If all goes according to plan, the U.S. will land its most advanced rover ever on Mars by this time tomorrow night, nearly 300 million miles from where it lifted off last year.
It's a daunting task, one that will set up a more ambitious exploration of the Red Planet.
Miles O'Brien lays out the nerve-wracking challenges and goals of the mission.
And liftoff, as the countdown to Mars continues.
It took seven months for the Perseverance rover to travel between Earth and Mars and, once it arrives, seven minutes to descend from the top of the atmosphere to the surface.
Well, landing on Mars is all about finding a way to stop and stop in the right place.
When it comes to entry, descent, and landing, Al Chen is the man in the hot seat at NASA Jet Propulsion Laboratory. It takes 11 minutes for radio signals to travel the speed of light from Earth to Mars, too much lag time for Chen and his team to remotely pilot the rover. So, Perseverance must land autonomously.
And that's kind of one of the central challenges, I think, of landing on Mars. We can't participate. We can't guide it. We can't pilot it on its own. We have to train Perseverance to do it on her own.
It all culminates with what's called the Sky Crane. Retrorockets fire on the descent stage, and the rover is winched down on the surface on tethers. It all may seem a little harebrained, but the one time NASA tried it with the Curiosity rover in 2012, it worked like a charm.
Perseverance is aiming for the Jezero crater, which may hold the answer to the big question: Did life once exist on the planet next door?
Lori Glaze Heads Nasa's Planetary Science Division.
Jezero really stood out as a potential landing site because, within that crater, we can see absolute evidence that there was a lake that persisted there long enough that a river flowed into that crater and deposited all of its sediments into a river delta.
The crater has been bone-dry for 3.5 billion years, but, in its wetter, warmer days, this place might have been a rich breeding ground for life, perhaps something resembling bacteria or algae here on Earth.
So, if those early microbes were present on Mars, this is exactly the kind of deposit where they would be preserved.
What we are going to be looking for are biosignatures, the leavings of microbial life.
Geologist Ken Farley is the project scientist for the mission.
Everybody is familiar with the idea that living things are made out of organic matter, and some of that gets preserved. And the idea is that, using one of the instruments on the rover, we can actually see how that organic matter is distributed.
The science team prepped for the mission in Western Australia. The rocks there are about the same age as those in the Jezero crater.
When we look at these ancient terrestrial rocks that have evidence of life in them, what we see is that microbes formed mats. These are layers at the interface between a lake or a shallow sea and the mud at the bottom.
That held the sediment together and actually distorted it in very characteristic kind of mushroom-shaped patterns called stromatolites. These are a really obvious kind of biosignature. That will be something that we will be looking for very carefully with the rover.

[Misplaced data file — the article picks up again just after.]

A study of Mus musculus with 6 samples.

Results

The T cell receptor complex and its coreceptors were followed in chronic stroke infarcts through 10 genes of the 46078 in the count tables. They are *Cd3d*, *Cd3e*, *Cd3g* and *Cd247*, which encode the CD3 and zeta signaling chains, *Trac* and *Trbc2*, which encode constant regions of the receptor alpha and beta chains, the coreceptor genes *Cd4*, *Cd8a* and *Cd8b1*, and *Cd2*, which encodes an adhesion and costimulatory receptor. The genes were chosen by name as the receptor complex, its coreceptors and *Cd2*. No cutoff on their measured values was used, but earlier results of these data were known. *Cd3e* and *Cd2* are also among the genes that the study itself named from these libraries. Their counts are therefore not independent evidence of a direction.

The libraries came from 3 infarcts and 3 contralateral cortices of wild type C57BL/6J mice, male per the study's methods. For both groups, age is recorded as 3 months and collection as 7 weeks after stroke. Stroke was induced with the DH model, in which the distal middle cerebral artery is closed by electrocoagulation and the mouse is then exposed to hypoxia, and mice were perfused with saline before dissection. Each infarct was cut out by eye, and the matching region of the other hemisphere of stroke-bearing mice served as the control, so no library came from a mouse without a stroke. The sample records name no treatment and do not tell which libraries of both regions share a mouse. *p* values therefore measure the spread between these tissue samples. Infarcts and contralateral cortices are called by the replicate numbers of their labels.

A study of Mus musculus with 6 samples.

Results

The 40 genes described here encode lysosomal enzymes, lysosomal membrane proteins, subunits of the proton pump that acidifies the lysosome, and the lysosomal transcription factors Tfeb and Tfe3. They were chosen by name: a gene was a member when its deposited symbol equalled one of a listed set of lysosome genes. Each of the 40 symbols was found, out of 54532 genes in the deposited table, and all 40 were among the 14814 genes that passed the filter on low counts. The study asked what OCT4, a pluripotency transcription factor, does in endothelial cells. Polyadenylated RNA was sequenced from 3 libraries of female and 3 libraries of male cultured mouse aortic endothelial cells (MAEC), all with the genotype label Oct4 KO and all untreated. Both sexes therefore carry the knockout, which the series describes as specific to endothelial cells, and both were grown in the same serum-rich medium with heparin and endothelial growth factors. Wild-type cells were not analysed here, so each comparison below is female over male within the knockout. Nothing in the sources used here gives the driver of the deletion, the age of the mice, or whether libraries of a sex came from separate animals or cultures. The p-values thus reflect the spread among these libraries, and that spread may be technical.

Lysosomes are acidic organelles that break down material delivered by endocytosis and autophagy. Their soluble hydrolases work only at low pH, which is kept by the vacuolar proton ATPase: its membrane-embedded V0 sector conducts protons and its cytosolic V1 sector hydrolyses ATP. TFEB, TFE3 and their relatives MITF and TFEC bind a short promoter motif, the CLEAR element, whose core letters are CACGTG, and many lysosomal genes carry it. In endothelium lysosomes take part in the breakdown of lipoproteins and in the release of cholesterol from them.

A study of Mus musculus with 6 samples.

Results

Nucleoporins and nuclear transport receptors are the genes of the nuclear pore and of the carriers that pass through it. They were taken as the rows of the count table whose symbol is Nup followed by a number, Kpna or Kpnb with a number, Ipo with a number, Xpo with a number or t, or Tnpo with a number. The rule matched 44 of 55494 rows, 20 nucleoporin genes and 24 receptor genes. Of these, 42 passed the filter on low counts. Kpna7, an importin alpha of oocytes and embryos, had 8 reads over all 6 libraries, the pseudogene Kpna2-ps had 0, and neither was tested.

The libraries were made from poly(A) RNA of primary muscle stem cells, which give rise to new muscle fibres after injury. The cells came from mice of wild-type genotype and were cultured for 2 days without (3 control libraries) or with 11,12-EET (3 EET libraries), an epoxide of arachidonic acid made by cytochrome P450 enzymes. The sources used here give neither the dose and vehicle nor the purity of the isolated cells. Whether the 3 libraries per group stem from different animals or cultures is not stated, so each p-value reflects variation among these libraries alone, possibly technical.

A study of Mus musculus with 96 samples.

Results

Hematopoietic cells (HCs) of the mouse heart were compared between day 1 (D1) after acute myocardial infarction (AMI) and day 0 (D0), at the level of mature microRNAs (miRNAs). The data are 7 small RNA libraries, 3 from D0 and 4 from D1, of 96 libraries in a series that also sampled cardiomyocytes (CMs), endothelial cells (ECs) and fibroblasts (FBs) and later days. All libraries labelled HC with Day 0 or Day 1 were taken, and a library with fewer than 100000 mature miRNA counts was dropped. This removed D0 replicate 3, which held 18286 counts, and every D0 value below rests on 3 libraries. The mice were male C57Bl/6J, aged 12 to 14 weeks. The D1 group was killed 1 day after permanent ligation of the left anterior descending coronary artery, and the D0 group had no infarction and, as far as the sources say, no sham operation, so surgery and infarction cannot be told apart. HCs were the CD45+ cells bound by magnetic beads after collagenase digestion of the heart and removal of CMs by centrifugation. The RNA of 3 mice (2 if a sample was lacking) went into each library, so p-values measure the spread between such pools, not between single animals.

Perseverance will drill core samples out of rocks that might contain these organic biosignatures. They will be sealed up in tubes and dropped off on the Martian surface for a future rover to collect and send back to Earth. It's a concept called sample return.
So, we are so excited about Mars sample return. We are closer now than we have ever been before.
But it's still a ways off. By the time the retriever rover launches to Mars and a sample is sent to Earth, it will likely be the early 2030s. Biosignatures are signs of possible life, but not smoking gun proof.
Teasing out that question will be a lot easier in a lab here on this planet.
But when we get those samples back in the laboratory, that's what's going to give us our best opportunity to be able to say whether or not some of those molecules that we're finding were actually biologic molecules or whether they could form in other ways.
But, for now, the star of this rover show may turn out to be this little four-pound drone helicopter named Ingenuity.
It's a game-changer. It's something that will enhance space exploration, period, is the ability to fly around the planet.
MiMi Aung is the project manager on this technology demonstration experiment. They're planning five short test flights.
Mars changes the equation for flights with wings or rotors. The gravity is about one third of Earth's. And the carbon dioxide atmosphere is much thinner.
It's about 1 percent compared to here, right, on Earth. Even though you're able to lift, right, you have to spin very fast to lift. Because the atmosphere is so thin, you can't lift as much mass.
If successful, Ingenuity could usher in a new era of mobile exploration on Mars, a reconnaissance tool to find intriguing sites for science, and it would be a historic first flight on another planet.
It's been a long journey. I'm very goal-oriented. I want to get to learn as much as we can about flight. Think of Wright brothers experiments, right, the whole series of experiments. We — at Mars, we just get to get one shot, right?
And speaking of shots, Perseverance will aim its cameras at Ingenuity when it flies. Another iconic image of a first flight awaits us.
For the "PBS NewsHour," I'm Miles O'Brien.
So exciting. Fingers crossed.
We will talk with Miles live tomorrow night to see if the mission to Mars is a success.